Posted by kyle toppazzini on Mon, May 28, 2012

Lean Six Sigma, Sigma, value Added AnalysisHere are the three Lean Six Sigma Consulting tools that I like the most. These tools are my favourites because they are easy to use and understand, they get employees engaged, and they WORK.

 

1. FIVE-WHY FRAMEWORK

The concept behind the Five-Why Framework is quite simple.   If you repeatedly ask WHY to a problem statement, by the fifth why you should discover the root cause of the problem.  For example:

 Problem Statement: I constantly have headaches.

1. Why do you constantly have headaches? Because I don’t get enough sleep.

2. Why don't I get enough sleep? Because I drink wine before I go to bed.                                                                                                              

3. Why do you drink wine before you go to bed?  Because drinking wine relaxes me.

4. Why do you need to relax? Because I am worried about forgetting to do something the next day.

5. Why are you worried about forgetting something you need to do the next day? Because I never write out task lists to remind myself.

In this example, my headaches will stop if I learn to write out the tasks I need to do the next day.

Addressing the root cause of a problem is the only way to ensure the problem is permanently corrected, and performance is improved.

 

2. Value Added Analysis


Value added analysis is a tool used to identify which one of the following categories an activity within a process falls under: i) value added, ii) non-value added, and iii) value added but required (e.g. due to legislation and policy). Those non-value added activities are activities that are wasteful, such as duplication, rework, over-production.

 

There are many ways to conduct a value added analysis; however, I find a determining factor is to have input and engagement from employees, who know where non-value added activities are in their processes. Employees could then be asked to measure the frequency, extra time/effort/costs of these activities that are adding to the overall process. Once this measurement is complete, employees will also provide input to design a new process in which non-value added activities are eliminated and those that are non-value added but required activities are minimized.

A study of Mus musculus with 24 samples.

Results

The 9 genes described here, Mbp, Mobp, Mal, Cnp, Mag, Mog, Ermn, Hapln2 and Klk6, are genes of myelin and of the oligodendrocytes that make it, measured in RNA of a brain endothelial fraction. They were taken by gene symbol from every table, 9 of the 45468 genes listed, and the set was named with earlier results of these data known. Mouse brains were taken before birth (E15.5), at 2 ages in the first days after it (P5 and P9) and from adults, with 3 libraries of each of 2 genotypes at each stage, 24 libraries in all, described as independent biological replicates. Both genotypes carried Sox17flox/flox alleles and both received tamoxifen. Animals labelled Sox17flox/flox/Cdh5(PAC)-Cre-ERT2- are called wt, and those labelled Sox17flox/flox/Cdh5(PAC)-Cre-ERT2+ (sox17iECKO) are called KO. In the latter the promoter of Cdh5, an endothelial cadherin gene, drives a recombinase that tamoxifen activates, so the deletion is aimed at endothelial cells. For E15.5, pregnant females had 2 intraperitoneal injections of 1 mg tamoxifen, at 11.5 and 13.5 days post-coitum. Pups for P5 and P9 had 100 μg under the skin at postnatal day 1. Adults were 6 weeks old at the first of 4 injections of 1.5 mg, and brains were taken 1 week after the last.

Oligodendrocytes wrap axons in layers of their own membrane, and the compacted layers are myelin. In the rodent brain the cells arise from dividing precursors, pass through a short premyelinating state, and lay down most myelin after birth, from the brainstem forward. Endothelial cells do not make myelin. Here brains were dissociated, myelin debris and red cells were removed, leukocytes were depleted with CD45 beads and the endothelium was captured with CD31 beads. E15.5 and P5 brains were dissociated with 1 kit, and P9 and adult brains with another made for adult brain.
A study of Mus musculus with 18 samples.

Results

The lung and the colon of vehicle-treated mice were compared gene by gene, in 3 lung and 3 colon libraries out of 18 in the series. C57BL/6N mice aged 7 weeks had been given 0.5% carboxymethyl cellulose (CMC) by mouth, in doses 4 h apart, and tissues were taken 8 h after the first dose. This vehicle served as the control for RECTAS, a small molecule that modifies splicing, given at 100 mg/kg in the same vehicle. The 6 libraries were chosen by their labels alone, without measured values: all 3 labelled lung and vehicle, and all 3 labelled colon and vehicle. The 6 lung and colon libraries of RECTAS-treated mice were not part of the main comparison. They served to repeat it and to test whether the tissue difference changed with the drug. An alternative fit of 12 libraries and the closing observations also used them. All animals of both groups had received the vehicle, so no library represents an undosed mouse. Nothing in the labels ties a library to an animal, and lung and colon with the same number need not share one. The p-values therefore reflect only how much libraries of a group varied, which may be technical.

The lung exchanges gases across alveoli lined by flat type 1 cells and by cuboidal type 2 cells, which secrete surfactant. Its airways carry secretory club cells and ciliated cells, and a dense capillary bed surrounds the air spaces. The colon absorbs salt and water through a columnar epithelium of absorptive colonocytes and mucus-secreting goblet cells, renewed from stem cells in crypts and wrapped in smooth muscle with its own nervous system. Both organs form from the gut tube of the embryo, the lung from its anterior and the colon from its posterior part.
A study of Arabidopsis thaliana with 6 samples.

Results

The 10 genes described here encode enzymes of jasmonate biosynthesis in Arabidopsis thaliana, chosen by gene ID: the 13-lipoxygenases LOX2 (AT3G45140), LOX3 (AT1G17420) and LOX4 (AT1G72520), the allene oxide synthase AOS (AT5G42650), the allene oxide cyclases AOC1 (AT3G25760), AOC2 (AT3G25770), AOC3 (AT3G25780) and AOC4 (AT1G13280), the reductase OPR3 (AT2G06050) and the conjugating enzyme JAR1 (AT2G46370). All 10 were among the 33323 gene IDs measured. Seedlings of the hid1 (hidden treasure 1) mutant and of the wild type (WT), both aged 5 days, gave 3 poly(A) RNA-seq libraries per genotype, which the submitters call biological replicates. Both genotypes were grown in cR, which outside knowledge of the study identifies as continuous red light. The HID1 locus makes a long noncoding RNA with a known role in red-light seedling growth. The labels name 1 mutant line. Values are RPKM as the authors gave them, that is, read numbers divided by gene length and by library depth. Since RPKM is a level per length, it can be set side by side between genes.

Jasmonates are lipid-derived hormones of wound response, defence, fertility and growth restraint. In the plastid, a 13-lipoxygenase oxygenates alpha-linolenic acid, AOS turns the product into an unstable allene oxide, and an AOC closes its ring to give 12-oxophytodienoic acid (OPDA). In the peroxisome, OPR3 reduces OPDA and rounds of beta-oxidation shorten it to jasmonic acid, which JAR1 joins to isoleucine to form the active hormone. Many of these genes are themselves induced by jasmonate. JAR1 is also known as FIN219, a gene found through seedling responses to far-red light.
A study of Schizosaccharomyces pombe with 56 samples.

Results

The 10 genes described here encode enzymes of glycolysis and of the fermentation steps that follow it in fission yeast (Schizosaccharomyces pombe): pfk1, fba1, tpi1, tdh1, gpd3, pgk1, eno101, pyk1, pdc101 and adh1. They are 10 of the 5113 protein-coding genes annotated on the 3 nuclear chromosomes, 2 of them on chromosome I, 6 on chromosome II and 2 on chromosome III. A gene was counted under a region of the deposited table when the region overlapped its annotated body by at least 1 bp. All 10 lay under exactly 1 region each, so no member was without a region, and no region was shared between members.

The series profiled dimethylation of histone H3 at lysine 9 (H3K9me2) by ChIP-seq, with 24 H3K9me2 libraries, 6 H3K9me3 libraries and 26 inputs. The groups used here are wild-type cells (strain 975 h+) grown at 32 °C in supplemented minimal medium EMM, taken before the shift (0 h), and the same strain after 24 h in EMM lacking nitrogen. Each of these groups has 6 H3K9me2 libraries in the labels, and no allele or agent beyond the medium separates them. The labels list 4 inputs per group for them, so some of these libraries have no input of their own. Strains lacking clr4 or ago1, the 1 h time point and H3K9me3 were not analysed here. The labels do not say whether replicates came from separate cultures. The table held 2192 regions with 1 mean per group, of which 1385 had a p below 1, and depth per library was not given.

3. Pareto Charts

Pareto Chart Picture

Pareto charts are great graphical bar charting tools allowing one to easily identify which process issues are creating the biggest problems.  The bars in the chart are ordered in descending frequency magnitude (i.e.  from issues that occur most frequently to those that occur less frequent). 

In most cases, I have been able to use this tool to show how a majority of our clients’ resources are focused on the smallest problems and ignoring the greatest issues.

The sample Pareto Chart provided in this section shows the average utility cost per month by appliance type with the water heater costing the most at close to $40 and the can opener costing the least at less than $1.

 

Conclusion

These three tools are not meant to be used in isolation; however, incorporating them into your continuous improvement or process improvement initiatives will go a long way to success.